The majority of American taxpayers get a refund. In fact The IRS estimates 75% of federal filings in 2013 will result in refunds. The average amount for 2012 was approximately $2,800. A nice little chunk of change for a vacation, which is what a quarter of the population does with its tax refunds.
What can you do with your money?
Getting that big check in the mail is a nice way to start the summer for sure, but there is a case to be made that keeping that money as long as you can makes financial sense. Interest rates being what they are, $2,800 won't offer much return in a standard savings account. However, history shows that Americans overpay regardless of interest rates being high or low. If you have credit card debt even at low interest rates it should be paid off as quickly as possible. Having that $2800 in your pocket translates to an extra $107 each two-week paycheck, and that can mean the difference between just paying minimum balances and making a real dent in that debt. In addition due to the cost of inflation the $107 you paid in taxes last January doesn't have the same buying power as the $107 you receive as a refund the following year.
Why do we choose to overpay?
In light of the clear financial benefits of paying the tax you actually owe each pay period and keeping that $107 for yourself, why do most Americans opt to overpay? One obvious answer is taxes are confusing, even scary, and figuring out how to pay the right amount so you owe nothing and are refunded nothing requires a lot of math. This is where a good tax preparer comes in. A qualified CPA can advise you on how to properly adjust your withholding to pay what you actually owe.
But beyond the dollars and cents there is an emotional reward tied to refunds that Americans really like. According to The Wall Street Journal (WSJ) respondents to a study who knew they could accurately adjust their withholding to "zero out" their tax refund were hesitant to do so. For some reason emotionally we feel better giving Uncle Sam a free loan than Uncle Sam giving us a free loan.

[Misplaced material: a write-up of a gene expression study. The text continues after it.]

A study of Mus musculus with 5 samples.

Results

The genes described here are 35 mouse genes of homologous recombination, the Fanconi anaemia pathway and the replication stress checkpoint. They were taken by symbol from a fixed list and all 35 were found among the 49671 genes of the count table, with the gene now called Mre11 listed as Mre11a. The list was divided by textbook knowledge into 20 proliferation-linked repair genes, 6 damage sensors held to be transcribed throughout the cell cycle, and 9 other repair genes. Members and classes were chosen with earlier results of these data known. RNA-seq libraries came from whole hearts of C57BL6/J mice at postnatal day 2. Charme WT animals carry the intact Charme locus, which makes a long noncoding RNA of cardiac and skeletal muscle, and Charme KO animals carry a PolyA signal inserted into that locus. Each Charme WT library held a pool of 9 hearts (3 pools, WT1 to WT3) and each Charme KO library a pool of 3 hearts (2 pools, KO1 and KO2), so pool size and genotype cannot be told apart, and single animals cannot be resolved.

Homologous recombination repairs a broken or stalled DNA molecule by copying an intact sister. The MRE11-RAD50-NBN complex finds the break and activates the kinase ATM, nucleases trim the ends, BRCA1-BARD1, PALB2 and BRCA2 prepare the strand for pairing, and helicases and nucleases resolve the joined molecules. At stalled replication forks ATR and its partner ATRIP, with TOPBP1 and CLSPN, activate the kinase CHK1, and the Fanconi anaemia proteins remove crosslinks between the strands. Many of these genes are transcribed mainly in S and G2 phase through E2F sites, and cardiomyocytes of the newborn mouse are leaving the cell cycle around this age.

Knowing you're overpaying and getting a refund takes the worry out of taxes and no one likes writing the government a big check. Furthermore, most people don't trust themselves to set aside money to pay their taxes. They would rather participate in a forced savings account in the form of overpaying through the year and getting it back in a lump sum. And not trusting ourselves is typically a smart move as only one-quarter of those surveyed who owed taxes had set any cash aside to cover their liability.
According to a WSJ interview with Donna Bobek Schmitt of the University of Central Florida, who's studied the overpay phenomenon "we enjoy getting a tax refund more than having the extra money in our paychecks because we are more likely to spend the refund on a vacation or a new TV, but more likely to use the extra money each week to pay bills." The former is fun the latter not so much and this helps to explain why we continually overpay.
Avoid Tax Fraud
One additional reason to not be tempted by a refund is the uptick in tax fraud. Criminals claiming your refund before you can get to it. Eliminating a refund will eliminate the theft potential.
So we Americans traditionally overpay and we like it, it is comfortable if not practical. However, we are all capable of making smart changes and Tom Bulger can help. Whether its adjusting your withholding to keep your money now and owe nothing later or making sure you get the biggest return possible, the dedicated team at Tom Bulger, CPA is here for you and your business.